Oola and I and a few ex-convicts who still remember were saddened to hear of the death of Maya Angelou. Here is a story we all shared in.
In the early nineties I was working as a fine arts administrator at the Northern California Women’s Facility in Stockton, CA. (This was about the time Oola was born.)
A community women’s organization got a National Endowment for the Humanities grant to bring writers into my program. Among them were Tillie Olsen, Joan Baez (the mother), and Maya Angelou. My job was to clear the administrative hurdles in the prison to make the visits run smoothly. Everyone was excited about the visits of all the authors, but especially they were aflutter about meeting Ms. Angelou.
One afternoon, shortly before the visit, my clerk came into the art room laughing her *** off. “Ms. Dove” she spurted, “Do you know why so many inmates are signing up for this talk. They think that the great painter Michelangelo is coming! I just had to tell someone he’s been DEAD for 400 years!”
The evening of the visit came. I escorted our guests to the chapel, which was filled to overflowing — I had done my best to disabuse the population of the sculptor/painter’s visit.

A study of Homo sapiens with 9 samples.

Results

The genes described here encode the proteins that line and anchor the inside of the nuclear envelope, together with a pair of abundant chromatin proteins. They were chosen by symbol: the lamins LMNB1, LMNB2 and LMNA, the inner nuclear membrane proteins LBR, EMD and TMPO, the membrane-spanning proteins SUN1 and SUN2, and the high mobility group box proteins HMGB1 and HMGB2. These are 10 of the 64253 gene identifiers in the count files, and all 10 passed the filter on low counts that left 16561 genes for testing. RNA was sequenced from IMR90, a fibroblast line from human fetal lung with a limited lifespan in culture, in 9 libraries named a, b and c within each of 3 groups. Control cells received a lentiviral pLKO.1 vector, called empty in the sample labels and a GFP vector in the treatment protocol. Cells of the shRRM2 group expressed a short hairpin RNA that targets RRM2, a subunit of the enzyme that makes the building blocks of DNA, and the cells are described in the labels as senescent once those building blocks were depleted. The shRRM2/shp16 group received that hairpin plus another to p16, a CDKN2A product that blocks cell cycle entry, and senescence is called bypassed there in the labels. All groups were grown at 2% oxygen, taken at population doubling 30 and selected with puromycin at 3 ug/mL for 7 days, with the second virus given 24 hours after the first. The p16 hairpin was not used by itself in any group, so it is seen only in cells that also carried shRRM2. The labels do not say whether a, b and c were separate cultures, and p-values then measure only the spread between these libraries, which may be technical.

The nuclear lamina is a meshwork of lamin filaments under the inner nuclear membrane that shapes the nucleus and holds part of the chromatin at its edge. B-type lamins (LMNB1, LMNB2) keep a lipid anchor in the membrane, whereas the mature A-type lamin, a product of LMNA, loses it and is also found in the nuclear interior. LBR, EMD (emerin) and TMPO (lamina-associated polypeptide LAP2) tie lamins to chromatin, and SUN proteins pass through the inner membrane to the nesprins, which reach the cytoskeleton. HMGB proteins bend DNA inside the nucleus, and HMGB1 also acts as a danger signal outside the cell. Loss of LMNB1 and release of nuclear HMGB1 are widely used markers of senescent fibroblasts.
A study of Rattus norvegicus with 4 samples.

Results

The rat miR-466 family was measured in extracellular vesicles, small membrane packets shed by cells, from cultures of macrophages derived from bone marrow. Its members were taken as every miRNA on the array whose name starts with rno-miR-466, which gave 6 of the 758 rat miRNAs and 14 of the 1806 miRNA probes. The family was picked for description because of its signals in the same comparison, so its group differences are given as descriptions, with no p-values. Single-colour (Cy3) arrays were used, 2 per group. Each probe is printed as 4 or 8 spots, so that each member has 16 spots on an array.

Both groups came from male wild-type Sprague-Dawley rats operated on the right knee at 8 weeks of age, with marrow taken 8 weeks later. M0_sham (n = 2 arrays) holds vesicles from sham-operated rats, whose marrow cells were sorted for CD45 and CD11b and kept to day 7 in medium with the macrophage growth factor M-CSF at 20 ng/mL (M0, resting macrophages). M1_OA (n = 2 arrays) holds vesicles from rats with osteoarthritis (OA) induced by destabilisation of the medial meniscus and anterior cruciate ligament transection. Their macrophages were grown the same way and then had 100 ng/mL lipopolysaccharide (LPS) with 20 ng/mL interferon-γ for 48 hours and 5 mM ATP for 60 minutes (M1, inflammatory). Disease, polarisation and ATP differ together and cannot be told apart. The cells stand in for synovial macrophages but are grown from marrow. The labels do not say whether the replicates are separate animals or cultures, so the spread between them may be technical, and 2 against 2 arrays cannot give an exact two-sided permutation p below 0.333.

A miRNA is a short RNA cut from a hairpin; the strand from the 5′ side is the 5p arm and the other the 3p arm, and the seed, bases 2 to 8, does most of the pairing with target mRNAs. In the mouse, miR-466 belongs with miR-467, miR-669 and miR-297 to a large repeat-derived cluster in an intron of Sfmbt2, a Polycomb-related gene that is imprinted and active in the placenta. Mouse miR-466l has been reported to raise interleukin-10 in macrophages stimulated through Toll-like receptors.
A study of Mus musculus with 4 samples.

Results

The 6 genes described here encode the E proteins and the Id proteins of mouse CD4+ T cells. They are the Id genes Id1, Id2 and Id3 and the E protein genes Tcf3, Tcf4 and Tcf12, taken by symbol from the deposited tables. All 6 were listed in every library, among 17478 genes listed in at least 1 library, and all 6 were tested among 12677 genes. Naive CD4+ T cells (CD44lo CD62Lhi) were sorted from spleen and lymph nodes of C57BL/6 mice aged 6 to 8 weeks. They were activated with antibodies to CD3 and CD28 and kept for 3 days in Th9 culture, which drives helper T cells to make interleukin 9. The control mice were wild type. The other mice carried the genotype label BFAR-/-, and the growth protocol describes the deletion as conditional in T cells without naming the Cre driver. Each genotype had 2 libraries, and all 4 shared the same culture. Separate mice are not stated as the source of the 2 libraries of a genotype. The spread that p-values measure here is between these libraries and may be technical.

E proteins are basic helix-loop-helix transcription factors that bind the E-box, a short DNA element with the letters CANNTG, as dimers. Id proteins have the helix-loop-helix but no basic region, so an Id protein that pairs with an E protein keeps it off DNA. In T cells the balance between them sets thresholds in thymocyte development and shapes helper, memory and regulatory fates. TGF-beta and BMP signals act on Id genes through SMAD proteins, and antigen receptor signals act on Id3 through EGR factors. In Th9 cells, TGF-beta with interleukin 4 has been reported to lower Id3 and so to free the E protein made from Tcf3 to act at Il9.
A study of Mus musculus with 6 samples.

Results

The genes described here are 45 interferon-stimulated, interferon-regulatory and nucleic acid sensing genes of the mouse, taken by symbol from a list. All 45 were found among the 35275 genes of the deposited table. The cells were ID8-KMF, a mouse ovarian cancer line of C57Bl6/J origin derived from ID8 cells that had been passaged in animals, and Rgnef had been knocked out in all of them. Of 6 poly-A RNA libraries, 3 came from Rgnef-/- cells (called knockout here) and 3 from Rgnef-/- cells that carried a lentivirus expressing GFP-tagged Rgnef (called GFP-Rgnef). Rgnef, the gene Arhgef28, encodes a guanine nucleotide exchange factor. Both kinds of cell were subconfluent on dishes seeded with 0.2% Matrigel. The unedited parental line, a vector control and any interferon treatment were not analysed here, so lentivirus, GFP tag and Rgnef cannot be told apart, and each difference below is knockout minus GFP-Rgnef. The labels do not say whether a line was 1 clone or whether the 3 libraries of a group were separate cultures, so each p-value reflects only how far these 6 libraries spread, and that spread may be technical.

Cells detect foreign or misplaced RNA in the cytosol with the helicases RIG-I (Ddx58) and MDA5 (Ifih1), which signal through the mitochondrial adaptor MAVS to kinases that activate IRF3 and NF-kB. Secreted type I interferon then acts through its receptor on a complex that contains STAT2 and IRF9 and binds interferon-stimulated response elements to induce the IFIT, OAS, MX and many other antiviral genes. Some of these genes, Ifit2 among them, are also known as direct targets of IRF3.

Ms. Angelo was the personification of dignity, elegance, authority, and kindness. And she was funny. Her audience roared at stories from her life; I still remember her telling of first imbibing Silovitz (“WHITE lightening”) during a dancing tour in Eastern Europe. Skillfully she brought her stories around to the concept of true humility — not saying or thinking “I can’t; I’m not good enough.” But proclaiming through one’s existence, “I am, and this is what I am.” Her message couldn’t have been better targeted or presented to the women in that room.
Now, part of the audience was non-inmate. Most of us were in the standing-room-only section. But there were a small number of us “civilians” who wanted to bask in Ms. Angelo’s light. In particular I remember a chaplain wagging his annoying tail feathers. Ms. Angelo deftly handled the situation as she was walking back down the aisle. She directed the audience’s attention to those of us who had done all the work and were standing quietly by the door. She pointed us out as examples of true humility. I felt myself wrapped in her warm embrace.